The purpose of the business model canvas (adapted from the Lean Canvas by Ash Maurya) is to document the business model from a customer-centric perspective.
By focusing on the customer's problem rather than your solution, you gain insights that allow you to start marketing where the customer is. The goal is not to lead with your solution, but to lead them to your solution.
The following document is discussed and completed as part of our live strategy workshop
The purpose of the Jobs to be Done (JTBD) framework is
to understand exactly what your customer would hire your product or service to do for them.
People hire products and solutions to fulfill 3 job types:
- Physical Jobs (the task at hand)
- Emotional Jobs (the desired feeling)
- Social Jobs (how they’ll be viewed by others)
Great marketers understand that most purchases are emotional, and impacted greatly (if not driven) by the emotional and social impacts of the decision.
The following template is a homework exercise to document the jobs to be done for each core solution you offer.
Buyer personas are a way to gain and maintain an empathetic view of the customer's world. It documents key elements about them, like their struggles, goals, as well as likely questions or blockers when considering your solution.
We favor our one-page buyer persona template. It's easy to scan and reference when creating content for a persona. Personas that get referenced are much better than personas that sit in a file or drawer. That's why we believe a high-impact single-page persona is the best way to go.
Our second meeting will consist of completing your first buyer persona. Following the meeting, you will repeat the process for each primary customer type you engage with.
The Value Proposition Canvas blew our minds when we read Value Proposition Design, by Alex Osterwalder.
There is a great template here, and we have adapted Alex’s Value Proposition Canvas into the Value Proposition Map you can see in the following image.
To overcome objections in a customer-centric way, your website message must not be about you. It must be about your customer.
Your message should begin with the customer's needs, wants, feelings, and fears. Only then, can you effectively position your features, benefits and user experiences in the best light.
Remember to always complete the market side (right side) first. The needs of the market will determine the product offered and the messaging of how you address their needs.
Your website message must help customers understand how their life will change after buying your product. They won't just have a new invoice to pay, they'll see a major impact in
Use the before/after state to document the changes in:
- What they have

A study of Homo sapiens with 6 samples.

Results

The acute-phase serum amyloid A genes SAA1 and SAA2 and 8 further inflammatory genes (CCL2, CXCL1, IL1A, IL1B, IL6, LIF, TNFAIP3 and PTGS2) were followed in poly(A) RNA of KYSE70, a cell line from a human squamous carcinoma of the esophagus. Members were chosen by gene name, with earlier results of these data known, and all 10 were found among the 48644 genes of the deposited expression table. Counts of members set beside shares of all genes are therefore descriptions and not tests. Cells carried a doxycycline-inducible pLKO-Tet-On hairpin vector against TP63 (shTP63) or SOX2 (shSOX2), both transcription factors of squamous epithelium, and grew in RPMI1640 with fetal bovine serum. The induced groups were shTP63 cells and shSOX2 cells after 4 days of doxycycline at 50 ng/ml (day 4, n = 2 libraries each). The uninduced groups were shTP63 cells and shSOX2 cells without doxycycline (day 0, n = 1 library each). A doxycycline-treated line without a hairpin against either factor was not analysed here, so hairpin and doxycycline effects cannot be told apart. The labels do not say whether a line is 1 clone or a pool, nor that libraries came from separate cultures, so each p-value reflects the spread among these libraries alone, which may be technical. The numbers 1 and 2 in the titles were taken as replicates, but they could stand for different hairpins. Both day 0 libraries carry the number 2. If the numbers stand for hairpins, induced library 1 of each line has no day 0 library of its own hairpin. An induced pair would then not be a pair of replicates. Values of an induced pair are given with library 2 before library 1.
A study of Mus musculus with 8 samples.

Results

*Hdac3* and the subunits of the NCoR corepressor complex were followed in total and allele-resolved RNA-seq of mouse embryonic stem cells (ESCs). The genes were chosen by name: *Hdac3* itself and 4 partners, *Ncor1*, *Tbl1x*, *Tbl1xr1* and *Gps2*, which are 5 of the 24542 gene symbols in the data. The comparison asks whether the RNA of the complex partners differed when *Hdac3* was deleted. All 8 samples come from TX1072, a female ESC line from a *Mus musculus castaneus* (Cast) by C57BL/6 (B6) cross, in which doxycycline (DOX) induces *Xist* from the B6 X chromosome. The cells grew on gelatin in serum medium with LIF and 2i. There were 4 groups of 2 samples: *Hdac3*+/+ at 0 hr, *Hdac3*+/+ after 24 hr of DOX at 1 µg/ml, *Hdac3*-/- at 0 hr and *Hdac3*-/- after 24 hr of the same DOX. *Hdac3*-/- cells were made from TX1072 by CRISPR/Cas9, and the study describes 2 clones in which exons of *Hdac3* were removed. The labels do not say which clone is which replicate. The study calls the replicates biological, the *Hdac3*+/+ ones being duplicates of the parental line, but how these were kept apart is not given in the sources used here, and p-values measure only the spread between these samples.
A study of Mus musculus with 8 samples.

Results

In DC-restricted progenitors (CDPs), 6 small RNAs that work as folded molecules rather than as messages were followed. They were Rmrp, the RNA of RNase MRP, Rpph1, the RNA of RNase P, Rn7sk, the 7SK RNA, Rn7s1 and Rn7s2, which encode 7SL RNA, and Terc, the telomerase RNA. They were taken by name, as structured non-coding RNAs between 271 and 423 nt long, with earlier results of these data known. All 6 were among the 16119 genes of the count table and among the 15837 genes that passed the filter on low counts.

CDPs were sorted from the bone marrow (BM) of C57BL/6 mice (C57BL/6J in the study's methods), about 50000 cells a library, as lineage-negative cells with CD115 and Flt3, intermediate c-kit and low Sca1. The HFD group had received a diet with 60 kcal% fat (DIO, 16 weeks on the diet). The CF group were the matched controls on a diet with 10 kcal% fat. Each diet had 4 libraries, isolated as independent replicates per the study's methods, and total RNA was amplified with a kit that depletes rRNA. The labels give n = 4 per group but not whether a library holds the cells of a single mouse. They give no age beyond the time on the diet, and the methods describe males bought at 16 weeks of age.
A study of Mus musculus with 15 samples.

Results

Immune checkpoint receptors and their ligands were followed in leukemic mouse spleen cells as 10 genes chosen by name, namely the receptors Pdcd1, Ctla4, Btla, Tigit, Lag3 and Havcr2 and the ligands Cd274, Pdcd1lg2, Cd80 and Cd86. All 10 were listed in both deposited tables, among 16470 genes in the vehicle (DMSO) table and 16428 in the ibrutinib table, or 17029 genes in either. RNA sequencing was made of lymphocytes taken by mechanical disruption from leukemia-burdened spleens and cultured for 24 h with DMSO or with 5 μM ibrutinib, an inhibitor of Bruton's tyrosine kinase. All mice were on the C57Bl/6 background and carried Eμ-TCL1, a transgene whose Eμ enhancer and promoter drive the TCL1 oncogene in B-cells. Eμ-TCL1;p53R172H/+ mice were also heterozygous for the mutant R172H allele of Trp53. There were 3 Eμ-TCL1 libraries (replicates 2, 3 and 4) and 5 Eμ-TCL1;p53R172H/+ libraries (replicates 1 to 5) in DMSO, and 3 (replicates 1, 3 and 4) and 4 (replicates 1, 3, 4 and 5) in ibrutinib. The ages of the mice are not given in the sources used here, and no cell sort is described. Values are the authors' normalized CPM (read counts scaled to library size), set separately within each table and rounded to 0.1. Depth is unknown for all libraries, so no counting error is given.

- What they feel
- Their average day
- Their status within their organization
This exercise is given as homework at the end of the third meeting.
The fourth meeting in the strategy workshop is an open opportunity to ask questions and to give feedback and review the strategy documents to this point.
You can schedule one-on-one sessions of 15 or 30-minutes during the weeks of the strategy workshop to address questions. You can also attend the office hours sessions as well.
We also encourage clients to complete the optional competitive analysis document found in the worksheet download below.
Now that we’ve documented the business from the customer’s perspective, it’s time to synthesize all of your thoughts and ideas into the buyer journey of your new website.
First, we explore the bait/hook/reel metaphor, then use that to construct the buyer journey. After that, we will brainstorm lead magnets and persuasive marketing messages to help you nurture leads through the buyer journey.
Finally, we'll document the website pages and landing pages that should be built to support the buyer journey.
This meeting is kind of technical and can get complicated quickly, but feedback and support is available if you get stuck. You schedule one-on-one sessions of 15 or
30-minutes during the weeks of the strategy workshop to address any questions. You can attend the office hours sessions while we work on the buyer journey as well.
With the Buyer Journey in place, our sixth meeting constructs the information architecture of your new website, starting with the sitemap.
Rather than overwhelming your team with ideas, you should focus on the most important, 3-5 pages. This ensures you are building pages that will make the most impact first so you can launch your website quickly, and learn how it works. You can push second and third-tier ideas and pages into
future launch phases.
We're happy to review and discuss sitemaps, the foundational structure of your website, navigation, and ultimately, the Buyer Journey.
We use www.SlickPlan.com for our sitemaps.
The final step in strategy is to arrive at a build plan, budget and timeframe that is agreeable to all stakeholders and supports the goals of the project.
How you estimate your projects is largely dependent upon your process. We provide our clients with a budget worksheet and the ability to allocate content & design budget where it will have the most impact.
Once the Build Plan is in place, you're ready to start prototyping your new website.
We have a smooth process for quickly creating design-ready pages in HubSpot, which is covered in our Prototype Kit.
We took all of the efficiencies we’ve gained in developing HubSpot COS websites for over four years and created a new design system called Sprocket Rocket.
This design system enables brands and agencies to build an 8/10 website with a 3/10 budget, without cutting out critical components like strategy, content creation, and custom design.